The van, parked up on a junction to the M6 Toll, with his prop shaft hanging out.When we last left the Jabberwocky the Beast was sitting forlornly in the car park at our garage, waiting to see if he would ever move again under his own steam. The prop shaft was away in Coventry undergoing surgery and we were still recovering from the wreck of Uttoxeter. It felt like an all time low. Knowing that the van we hold so dear was going to cost us hundreds of pounds before he had even started to pay for himself was a painful thought.

Without the Beast the drive looked empty. Barny’s car parked in his spot for a while, but it was like trying to fill a black hole with bath plug. It also rained a lot.

We needed the Beast back for Stratford, but it wasn’t as simple as just swapping the parts. Volkswagen haven’t made them like him since 1996, and didn’t have much in the way of prop shafts for anything less that £1000. The alternative was to send the part of to be repaired in Coventry, and gamble on it being sorted in time, while still paying £300 for the wait. We waited, resentfully considering all the ways we might still be able to get the immobile husk of the Jabberwocky over to Stratford if the repair failed.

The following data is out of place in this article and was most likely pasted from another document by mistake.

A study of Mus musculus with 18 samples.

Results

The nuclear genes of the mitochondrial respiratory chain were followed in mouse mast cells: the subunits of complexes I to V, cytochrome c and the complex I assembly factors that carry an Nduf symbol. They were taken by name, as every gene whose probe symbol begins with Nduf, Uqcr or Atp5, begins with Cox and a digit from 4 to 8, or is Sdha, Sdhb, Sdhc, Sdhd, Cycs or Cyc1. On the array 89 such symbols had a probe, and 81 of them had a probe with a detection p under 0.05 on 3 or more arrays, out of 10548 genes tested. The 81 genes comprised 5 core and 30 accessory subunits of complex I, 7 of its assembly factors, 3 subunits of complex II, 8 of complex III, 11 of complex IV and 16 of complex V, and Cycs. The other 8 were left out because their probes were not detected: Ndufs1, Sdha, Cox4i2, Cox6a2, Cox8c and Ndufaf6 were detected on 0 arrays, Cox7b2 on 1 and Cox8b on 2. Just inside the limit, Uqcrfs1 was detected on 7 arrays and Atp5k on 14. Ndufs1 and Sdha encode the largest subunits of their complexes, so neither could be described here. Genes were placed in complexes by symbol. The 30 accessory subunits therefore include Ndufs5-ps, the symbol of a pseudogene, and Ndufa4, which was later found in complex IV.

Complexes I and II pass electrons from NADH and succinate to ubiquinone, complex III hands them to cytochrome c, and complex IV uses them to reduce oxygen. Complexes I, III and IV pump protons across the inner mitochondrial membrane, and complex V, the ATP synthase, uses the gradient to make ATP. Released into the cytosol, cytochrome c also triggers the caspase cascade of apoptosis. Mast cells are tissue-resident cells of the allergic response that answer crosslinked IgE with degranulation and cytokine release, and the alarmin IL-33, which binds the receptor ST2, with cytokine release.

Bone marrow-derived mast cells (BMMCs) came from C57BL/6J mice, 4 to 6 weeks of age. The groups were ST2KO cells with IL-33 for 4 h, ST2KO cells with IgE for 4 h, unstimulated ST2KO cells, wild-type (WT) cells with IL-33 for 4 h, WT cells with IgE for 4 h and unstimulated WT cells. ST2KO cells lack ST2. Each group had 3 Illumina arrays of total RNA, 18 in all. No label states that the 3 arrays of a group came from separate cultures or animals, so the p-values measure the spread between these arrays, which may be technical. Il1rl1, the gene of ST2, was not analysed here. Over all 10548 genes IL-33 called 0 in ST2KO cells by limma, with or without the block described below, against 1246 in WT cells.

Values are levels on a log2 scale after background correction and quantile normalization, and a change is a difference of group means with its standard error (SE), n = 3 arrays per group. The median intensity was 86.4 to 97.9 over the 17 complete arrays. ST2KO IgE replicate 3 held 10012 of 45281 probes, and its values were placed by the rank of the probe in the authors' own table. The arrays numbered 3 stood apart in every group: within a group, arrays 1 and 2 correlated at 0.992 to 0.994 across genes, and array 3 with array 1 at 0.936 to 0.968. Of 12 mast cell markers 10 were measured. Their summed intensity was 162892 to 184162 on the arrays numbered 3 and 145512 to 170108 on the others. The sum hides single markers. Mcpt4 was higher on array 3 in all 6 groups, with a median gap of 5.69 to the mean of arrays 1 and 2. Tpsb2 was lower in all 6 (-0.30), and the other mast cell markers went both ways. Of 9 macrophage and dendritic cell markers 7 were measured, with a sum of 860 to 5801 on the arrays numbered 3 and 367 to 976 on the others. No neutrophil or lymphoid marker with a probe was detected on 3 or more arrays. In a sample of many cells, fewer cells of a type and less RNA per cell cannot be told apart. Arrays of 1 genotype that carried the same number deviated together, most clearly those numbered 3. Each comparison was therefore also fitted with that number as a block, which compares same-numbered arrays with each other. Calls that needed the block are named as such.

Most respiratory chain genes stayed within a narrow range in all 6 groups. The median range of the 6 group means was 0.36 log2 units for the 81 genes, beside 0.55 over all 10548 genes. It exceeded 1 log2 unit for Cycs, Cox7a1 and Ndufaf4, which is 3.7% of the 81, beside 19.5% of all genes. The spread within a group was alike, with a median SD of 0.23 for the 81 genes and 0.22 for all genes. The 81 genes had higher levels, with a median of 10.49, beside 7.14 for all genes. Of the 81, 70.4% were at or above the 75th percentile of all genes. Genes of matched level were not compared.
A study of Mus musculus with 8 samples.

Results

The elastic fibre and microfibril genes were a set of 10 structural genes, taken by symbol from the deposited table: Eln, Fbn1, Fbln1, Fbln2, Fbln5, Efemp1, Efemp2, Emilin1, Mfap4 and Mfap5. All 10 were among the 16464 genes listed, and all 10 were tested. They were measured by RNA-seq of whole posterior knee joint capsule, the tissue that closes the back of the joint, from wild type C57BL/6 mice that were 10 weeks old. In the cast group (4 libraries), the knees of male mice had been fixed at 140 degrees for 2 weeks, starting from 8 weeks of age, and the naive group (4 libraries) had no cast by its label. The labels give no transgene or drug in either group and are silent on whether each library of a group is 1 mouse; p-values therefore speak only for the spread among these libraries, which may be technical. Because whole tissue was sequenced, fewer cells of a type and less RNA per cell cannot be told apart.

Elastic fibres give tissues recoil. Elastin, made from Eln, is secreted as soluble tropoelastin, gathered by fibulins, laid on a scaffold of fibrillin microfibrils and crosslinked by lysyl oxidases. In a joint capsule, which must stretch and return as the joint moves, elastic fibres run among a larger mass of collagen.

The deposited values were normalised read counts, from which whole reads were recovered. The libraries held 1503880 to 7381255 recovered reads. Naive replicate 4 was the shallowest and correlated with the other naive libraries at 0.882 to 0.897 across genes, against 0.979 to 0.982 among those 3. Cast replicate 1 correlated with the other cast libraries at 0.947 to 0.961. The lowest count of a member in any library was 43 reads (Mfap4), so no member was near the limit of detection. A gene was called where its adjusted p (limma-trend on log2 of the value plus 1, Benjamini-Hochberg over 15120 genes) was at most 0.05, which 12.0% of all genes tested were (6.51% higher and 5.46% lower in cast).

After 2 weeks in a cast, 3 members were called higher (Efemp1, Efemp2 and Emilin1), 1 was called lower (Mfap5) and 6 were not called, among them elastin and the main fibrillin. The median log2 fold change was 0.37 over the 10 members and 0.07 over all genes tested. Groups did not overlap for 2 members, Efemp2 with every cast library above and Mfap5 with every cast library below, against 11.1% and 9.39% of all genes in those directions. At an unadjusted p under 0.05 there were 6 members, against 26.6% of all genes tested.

The last I heard about it on Friday was that Barny would go an pick it up and just wait until it was done, so the relief of seeing him once more on our driveway when we got home was glorious.

Our food truck in front of the RSC on the other side of the River AvonWhat followed was then almost the exact opposite of the previous weekend, with two days of good weather, crowds of people in such thoroughly high spirits that I did end up reciting the whole of the Jabberwocky at least once and an appetite for toasties that simply could not be satisfied. On Saturday the sun brought the crowds into Stratford and by 2pm we had sold out of toasties. Confused by this sudden onset of success I staggered through the crowds into town and got more bread. We prepared all of that, and promptly ran out again.

By 6pm we were had left the festival and were preparing more toasties, cheesing and hamming into the night and then bree, basil and tomatoing until we fell into bed. Sunday was even better! Crowds of people queuing for toasties – actually queuing – and then coming back for seconds.

A genuine, spontaneous queue. Also a gentleman observing his feet. It was such an uplifting feeling, knowing that everything could work out. That we didn’t have the wrong end of the stick and that we might even be able to live off what had last week been a volatile heap of rust, but was now a glorious shining dragon, roasting toasties for all the good people of Stratford.

And breathing clouds of smoke all over them as we left. Some things never change.